Truck Accidents and Blind Spots — Bay Area Personal Injury Attorneys
There are four major blind spots on trucks and 18-wheelers that are commonly involved in truck accidents:
- The rear of a truck, outside the purview of the truck’s side mirrors
- Near the front of the truck’s left side, just behind the cabin
- Near the front of the truck’s right side, outside the purview of the truck’s right-side mirror
- The very front end of a truck and just off to the right
When car drivers are hit by trucks changing lanes it’s not uncommon for insurance companies and their lawyers to argue that the car driver bears some of the fault for driving in a truck’s blind spot. In rear-end collisions, similar arguments are made, including the claim that if a car driver hadn’t been following too closely in the first place, the accident would not have likely happened.
Insurance Claims, Truck Accidents and Blind Spots
California follows the principle of pure comparative negligence in car accident cases. This means that a car driver can recover damages even if he or she is 99 percent at fault in an accident. However, under the principle of pure comparative negligence, recovery of losses is reduced by the percentage of fault assigned to a driver. For example, if you suffer $100,000 in damages in a truck accident but are found to be 70 percent at fault, you’d be eligible to recover only $30,000.
Now you can see why the issue of whether or not you were driving in a truck’s blind spot might be important for an insurance agent to determine. In fact, it’s not uncommon for insurers to call you shortly after a car or truck accident and ask you questions about what you remember. Here, while the insurance agent may pretend to be concerned about how you’re doing, the real purpose of the call is to gather any information to shift more blame onto you and reduce the amount the insurance company has to pay you in an injury claim.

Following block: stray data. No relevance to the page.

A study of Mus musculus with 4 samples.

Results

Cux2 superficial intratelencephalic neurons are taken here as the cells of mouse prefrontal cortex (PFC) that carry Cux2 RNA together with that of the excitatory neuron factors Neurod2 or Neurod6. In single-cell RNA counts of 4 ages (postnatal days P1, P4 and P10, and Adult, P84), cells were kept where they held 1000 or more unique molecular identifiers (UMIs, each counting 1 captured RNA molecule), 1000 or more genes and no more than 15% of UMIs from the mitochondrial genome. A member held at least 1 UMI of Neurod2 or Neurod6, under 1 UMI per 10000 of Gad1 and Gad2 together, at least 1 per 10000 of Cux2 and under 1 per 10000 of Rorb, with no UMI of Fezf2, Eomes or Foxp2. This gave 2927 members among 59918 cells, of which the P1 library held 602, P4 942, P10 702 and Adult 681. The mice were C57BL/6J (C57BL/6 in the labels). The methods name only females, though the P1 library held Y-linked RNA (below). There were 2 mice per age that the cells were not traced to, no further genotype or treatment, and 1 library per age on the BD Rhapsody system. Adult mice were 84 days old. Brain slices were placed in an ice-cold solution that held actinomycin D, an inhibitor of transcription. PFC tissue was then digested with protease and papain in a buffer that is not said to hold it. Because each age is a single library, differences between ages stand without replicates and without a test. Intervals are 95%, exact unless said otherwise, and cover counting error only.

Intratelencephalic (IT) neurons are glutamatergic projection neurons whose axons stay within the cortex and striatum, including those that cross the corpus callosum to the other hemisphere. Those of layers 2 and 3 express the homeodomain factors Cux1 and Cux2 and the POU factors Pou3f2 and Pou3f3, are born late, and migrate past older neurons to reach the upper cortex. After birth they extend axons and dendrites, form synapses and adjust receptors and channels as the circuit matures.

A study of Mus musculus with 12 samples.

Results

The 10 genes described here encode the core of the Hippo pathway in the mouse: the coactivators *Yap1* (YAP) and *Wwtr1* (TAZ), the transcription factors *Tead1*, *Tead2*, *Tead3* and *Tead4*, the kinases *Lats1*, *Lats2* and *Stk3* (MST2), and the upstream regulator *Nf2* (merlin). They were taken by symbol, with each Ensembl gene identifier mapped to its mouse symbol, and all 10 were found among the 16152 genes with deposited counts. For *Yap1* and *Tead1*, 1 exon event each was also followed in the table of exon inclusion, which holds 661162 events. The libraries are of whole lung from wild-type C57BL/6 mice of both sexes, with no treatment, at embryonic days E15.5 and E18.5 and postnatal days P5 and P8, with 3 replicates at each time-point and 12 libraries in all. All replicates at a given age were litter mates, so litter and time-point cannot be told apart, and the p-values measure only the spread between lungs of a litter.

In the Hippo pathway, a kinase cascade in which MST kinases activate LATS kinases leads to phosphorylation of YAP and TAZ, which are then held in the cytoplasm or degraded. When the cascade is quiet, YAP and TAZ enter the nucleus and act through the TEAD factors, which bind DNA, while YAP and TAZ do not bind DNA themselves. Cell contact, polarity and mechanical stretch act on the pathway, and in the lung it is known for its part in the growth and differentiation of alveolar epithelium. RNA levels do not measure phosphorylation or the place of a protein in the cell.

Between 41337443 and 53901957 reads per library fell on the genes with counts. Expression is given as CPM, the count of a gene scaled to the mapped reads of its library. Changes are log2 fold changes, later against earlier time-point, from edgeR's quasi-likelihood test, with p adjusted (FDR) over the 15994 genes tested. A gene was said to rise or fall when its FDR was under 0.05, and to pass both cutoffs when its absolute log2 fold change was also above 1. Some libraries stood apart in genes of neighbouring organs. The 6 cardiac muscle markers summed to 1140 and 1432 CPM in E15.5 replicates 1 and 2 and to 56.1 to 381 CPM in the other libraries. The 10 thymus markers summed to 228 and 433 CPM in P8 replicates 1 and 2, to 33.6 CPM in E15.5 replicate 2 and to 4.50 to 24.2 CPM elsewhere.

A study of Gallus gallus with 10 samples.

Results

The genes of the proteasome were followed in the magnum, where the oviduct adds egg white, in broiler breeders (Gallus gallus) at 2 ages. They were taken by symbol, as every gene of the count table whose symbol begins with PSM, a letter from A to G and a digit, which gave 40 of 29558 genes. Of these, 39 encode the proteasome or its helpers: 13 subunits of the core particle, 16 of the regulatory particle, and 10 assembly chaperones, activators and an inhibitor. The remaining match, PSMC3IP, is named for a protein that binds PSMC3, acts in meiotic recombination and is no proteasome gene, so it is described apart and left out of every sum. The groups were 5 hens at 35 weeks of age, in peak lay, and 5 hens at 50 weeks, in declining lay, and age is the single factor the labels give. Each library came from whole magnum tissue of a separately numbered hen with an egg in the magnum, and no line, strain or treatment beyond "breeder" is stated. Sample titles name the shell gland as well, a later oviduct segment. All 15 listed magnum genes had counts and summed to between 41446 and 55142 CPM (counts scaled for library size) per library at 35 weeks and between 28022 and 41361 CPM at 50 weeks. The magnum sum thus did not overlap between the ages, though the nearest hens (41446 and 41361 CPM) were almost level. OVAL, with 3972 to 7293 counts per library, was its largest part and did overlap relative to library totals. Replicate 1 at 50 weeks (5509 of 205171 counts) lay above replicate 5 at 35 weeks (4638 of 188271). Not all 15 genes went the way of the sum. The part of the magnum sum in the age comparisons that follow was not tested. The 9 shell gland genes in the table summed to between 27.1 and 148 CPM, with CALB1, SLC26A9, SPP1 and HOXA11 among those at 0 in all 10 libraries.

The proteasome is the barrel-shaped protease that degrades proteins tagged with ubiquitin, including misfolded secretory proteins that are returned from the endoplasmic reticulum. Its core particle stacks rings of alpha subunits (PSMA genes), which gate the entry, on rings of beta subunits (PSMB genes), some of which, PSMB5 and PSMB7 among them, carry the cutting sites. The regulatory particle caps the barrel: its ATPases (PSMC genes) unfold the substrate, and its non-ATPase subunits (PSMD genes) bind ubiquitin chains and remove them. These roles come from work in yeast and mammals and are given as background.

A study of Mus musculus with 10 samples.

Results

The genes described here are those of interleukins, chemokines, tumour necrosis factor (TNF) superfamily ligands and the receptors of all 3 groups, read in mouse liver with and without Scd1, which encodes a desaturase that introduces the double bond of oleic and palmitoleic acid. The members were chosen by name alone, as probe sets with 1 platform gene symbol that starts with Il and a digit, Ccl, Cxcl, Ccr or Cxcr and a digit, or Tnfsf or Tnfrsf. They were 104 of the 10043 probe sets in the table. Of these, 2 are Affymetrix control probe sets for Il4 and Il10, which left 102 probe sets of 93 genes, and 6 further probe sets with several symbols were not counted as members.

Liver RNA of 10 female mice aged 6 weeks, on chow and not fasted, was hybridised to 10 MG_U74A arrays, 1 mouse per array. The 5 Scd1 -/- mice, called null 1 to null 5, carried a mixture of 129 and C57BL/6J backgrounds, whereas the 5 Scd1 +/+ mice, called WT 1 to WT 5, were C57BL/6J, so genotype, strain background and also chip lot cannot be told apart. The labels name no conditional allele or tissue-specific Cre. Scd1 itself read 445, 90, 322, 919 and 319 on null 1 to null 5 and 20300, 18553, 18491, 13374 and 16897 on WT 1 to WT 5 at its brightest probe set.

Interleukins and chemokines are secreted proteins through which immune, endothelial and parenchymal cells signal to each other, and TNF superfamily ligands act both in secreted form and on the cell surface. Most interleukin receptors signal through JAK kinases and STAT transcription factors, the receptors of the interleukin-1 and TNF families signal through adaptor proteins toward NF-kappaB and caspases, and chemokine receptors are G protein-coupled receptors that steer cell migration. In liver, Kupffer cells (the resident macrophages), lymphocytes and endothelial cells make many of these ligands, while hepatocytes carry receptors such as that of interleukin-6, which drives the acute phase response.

Driving in a Truck’s Blind Spot Does Not Automatically Make You at Fault
Just because you were hit or sideswiped while driving in a truck’s blind spot does not necessarily make you at fault in an accident with a truck. Truck drivers have a responsibility to change lanes safely, to drive the speed limit and to take precautions in case someone is driving in a blind spot. In cases involving rear-end collisions, trucks can’t make sudden stops or swerve in front of a driver to slow down or merge into traffic. Trucks should also have a “Mansfield Bar” installed on the back of their vehicle to prevent under-riding in rear-end collisions.
Investigate the Cause of a Truck Accident — Contact Weber & Nierenberg
At the San Francisco personal injury law office of Weber & Nierenberg, our car accident attorneys understand how to investigate and reconstruct car accidents with trucks. Working with experienced accident investigators and eyewitness testimony, we can often determine how a truck accident happened and expose negligence on the part of a truck driver.
To schedule an appointment to discuss your case, contact San Francisco truck accident attorneys at Weber & Nierenberg today.